BOSTON "Hello, is anyone there?" a voice echoed through the PA system as the house lights went down for Gorillaz's first U.S. "concert." It brought to mind the line, "Is there anybody out there?" from Pink Floyd's The Wall. But as the cartoon characters that comprise Gorillaz began to swirl on a stage-to-ceiling screen which formed its own wall between the speakers, the question on the minds of the 2,000-plus fans packing the Avalon Ballroom Monday very likely was, "Is anyone IN there?"
The answer quickly came when the opening song, "M1 A1," kicked into gear, and vaguely silhouetted figures could be seen onstage behind the lower scrim. But more tellingly, the punk clamor of "M1 A1" conveyed the clear flesh-and-blood thump of live instruments, and the voice of Blur moonlighter Damon Albarn yelping "thousand miles an hour" like a ghostly nod to Jonathan Richman's Boston rock anthem "Roadrunner."
Based on advance reports of the show, which unfolded over the next hour in the same song order as pre-American dates, many fans expected to see more action onscreen than onstage and didn't care. "I won't be able to see anyway," Karen Pfefferle said near the back of the sold-out club, while her Boston compatriot Kerry Collier, also 29, said, "It's different, and it's something new."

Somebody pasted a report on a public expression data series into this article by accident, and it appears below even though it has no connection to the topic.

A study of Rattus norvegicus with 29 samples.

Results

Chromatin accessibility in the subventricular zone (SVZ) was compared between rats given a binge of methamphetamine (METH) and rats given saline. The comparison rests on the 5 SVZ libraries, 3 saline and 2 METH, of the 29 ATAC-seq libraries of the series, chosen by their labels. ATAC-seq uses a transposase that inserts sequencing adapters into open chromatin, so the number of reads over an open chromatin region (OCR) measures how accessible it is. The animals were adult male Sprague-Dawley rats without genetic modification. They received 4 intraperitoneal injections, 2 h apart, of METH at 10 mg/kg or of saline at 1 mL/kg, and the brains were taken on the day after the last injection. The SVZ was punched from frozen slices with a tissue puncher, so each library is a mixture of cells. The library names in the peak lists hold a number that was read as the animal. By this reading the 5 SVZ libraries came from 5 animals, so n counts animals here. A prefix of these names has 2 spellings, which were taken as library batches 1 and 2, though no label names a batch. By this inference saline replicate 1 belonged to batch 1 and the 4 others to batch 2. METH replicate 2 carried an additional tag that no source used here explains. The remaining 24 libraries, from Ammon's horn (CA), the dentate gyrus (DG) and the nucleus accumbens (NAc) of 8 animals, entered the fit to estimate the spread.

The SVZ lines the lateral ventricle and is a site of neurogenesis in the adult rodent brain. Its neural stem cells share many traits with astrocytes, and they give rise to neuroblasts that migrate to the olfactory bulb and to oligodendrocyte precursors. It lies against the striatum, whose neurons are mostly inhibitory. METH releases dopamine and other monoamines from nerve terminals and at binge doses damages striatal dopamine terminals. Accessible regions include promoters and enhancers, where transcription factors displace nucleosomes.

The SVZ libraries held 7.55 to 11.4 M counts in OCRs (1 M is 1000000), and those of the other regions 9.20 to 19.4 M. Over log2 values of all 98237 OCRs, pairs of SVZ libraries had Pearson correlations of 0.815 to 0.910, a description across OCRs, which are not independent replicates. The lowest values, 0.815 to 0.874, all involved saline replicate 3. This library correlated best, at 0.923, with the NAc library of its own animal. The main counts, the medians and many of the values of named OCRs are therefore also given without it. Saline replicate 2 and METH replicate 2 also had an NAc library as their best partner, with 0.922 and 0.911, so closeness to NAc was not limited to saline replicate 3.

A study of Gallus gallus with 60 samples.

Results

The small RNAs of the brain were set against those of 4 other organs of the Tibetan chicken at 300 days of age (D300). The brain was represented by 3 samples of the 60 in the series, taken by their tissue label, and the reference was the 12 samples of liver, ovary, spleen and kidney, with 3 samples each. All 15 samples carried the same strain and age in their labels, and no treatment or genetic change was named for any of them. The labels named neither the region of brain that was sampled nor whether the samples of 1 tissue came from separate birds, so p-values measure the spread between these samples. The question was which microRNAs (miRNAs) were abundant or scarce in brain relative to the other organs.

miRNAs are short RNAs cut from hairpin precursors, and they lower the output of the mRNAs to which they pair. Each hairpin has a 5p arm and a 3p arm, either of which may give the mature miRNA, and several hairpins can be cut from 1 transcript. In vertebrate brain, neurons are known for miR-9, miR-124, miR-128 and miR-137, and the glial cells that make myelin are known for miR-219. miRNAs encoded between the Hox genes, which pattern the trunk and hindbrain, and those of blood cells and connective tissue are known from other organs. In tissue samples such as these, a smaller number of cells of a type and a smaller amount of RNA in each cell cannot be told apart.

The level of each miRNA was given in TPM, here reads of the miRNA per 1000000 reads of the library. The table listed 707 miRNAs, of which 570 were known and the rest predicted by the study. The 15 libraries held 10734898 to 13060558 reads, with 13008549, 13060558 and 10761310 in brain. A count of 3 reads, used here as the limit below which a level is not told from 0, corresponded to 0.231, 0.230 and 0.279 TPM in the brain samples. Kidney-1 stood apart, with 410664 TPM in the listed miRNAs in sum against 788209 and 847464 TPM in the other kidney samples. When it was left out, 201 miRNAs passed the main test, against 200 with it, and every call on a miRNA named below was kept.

Indeed, Gorillaz take the concept of the Archies or Josie and the Pussycats to another level, as a virtual band for the post-skateboard generation, conceived by "Tank Girl" cartoonist Jamie Hewlett. Fans seeking animated stimulation on the tour could be disappointed, though. The only outright Gorillaz cartoon came at the encore break, as the evening's main eye candy was a collage of still images mixed by eight slide projectors at the back of the room, next to the DJ booth where Gorillaz collaborator Dan "The Automator" Nakamura spun before the set, then watched the show (another DJ worked onstage as part of an eight-piece touring band fronted by Albarn, the only principal player from the Gorillaz album to perform onstage).
In turn, the visual element wasn't overdone, and was well synched to the music suggesting some programmed rhythms behind the live band, which wielded more of a rock wallop than Gorillaz's platinum CD debut. Gorillaz images floated with woodpecker heads in an eerie scroll to dub soundscape "Sound Check (Gravity)," while a mechanical gorilla's feet came down to each beat of "Dracula."
The energy of the packed room sagged during some atmospheric tracks. Fans perked up for catchier tunes such as the loping "Re-Hash" (before which Albarn yelled for the crowd to "make some noise") and the hit "Clint Eastwood," fueled by sharper silhouettes including the figure of Jamal the Last Emperor. Jamal filled in for Del the Funky Homosapien with a pair of spirited raps (Redman and members of D12 also may appear for cameos Thursday at New York's Hammerstein Ballroom).
"Tomorrow Comes Today" and "Clint Eastwood" were repeated in an encore that padded the show to 70 minutes. Ben Blanchard, 28, of Boston said he was a little disappointed overall. "Where's the beef? I could have sat home and watched videos and listened to the record."
Nonetheless, given their clout, Gorillaz may have a future on the stage, possibly even at an arena level. "It was better than I expected," said Joe Carmody, 23, who drove from Southington, Connecticut. "Too bad it isn't bigger, like an Omni Max."
Read about all of the shows we've recently covered in Tour Reports.